Malaysia committed to remain green

Four decades ago, the timber industry was merely involved in the upstream processing activities, but today, it has become one of the major producers and exporters to over 160 countries

By SHAHEERA AZNAM SHAH / Pic By ISMAIL CHE RUS

Malaysia is committed in maintaining at least 50% of the forest to be covered in perpetuity as pledged at the 1992 Rio Earth Summit.

Primary Industries Minister Teresa Kok Suh Sim said more than 50% of Malaysia’s land area has already been under the natural forest and the country owns more than 2,650 species of trees, many of which have intrinsic value.

“The rich biodiversity of our rainforest has given a rise to a multitude of timber species, which has made the timber industry a desirable one as it allows for the creation of beautiful nature-inspired structures, be it for indoor or outdoor use,” she said at the Malaysian Timber Conference 2018 in Kuala Lumpur yesterday.

She said four decades ago, the timber industry was merely involved in the upstream processing activities with an export value of less than RM5 billion.

“Today, the industry has become one of the major producers and exporters to over 160 countries,” she added.

She said Malaysia’s timber and timber-based exports had reached RM14.57 billion as of August 2018.

She added that wooden furniture, plywood, sawn timber, fibreboard, builder’s joinery and carpentry are the main export contributors of the local industry.

In 2017, the timber industry has contributed 1.7% to the national GDP with export earnings of RM23.3 billion

“Moving forward, the timber-based manufacturers must identify and overcome the common pitfalls associated with growth, so that their business can continue to grow,” she said.

Meanwhile, Malaysia Timber Council (MTC) chairman Datuk Low Kian Chuan said the council has also raised the incentive for carpentry-based businesses under the Import Assistance Programme (IAP) from RM5 million to RM7 million in 2018.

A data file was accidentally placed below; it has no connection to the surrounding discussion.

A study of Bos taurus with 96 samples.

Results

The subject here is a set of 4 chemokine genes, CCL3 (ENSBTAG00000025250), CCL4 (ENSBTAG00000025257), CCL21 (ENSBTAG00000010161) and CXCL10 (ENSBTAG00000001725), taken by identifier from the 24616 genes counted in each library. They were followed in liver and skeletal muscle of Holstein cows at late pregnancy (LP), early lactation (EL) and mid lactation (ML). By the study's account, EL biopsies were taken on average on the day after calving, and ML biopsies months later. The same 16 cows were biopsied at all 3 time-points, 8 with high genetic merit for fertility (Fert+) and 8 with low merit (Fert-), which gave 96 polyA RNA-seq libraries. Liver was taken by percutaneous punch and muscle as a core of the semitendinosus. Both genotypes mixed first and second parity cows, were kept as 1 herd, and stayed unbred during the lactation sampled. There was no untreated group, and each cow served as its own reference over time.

“The IAP was set up to assist the local timber-based manufacturers to augment the supply of raw materials and encourage the development of small and medium-sized enterprises (SMEs) who are involved in manufacturing downstream value-added products,” he said.

MTC also has launched the Financial Incentive for the Purchase of Machinery programme in December 2017 to encourage SMEs in the timber industry to adopt the enhanced technology in mechanisation and automation in their operation.

MTC has put aside RM3 million to be distributed over three years to provide partial reimbursement of the machine price and freight charges to the SMEs.

“We hope through mechanisation and automation, dependency on blue-collar labour and wastage of raw materials should be reduced while improving the product quality,” Kok said.

On another note, experts from the ministry are expected to meet with their European Commission’s counterpart, who will be in Kuala Lumpur for their maiden visit at the end of October.

Kok said the ministry’s experts will also be joined by personnel from the Forest Research Institute Malaysia to discuss and address concerns over the sustainability of Malaysia’s palm oil production.

She said the meeting is expected to shed some light on the industry and would give the European delegate a clearer perception of palm oil production in the country.

The visitors will be led by European Union (EU) Ambassador Maria Castillo Fernandez who is also expected to meet with Malaysian palm oil key stakeholders.

Discussion with the European legislators will also be attended by industry representatives from the Malaysian Palm Oil Board and Malaysia Palm Oil Council.

The meeting is pertinent to improve sentiment towards the commodity, in the wake of EU proposal to remove the usage of palm oil in motor fuels by 2021 as the European Parliament is revisiting its Renewable Energy Directive.

The EU is Malaysia’s largest market for palm oil and palm-based products. In 2017, palm oil exports to the union were recorded at RM11.03 billion, representing 14.2% of Malaysia’s global exports.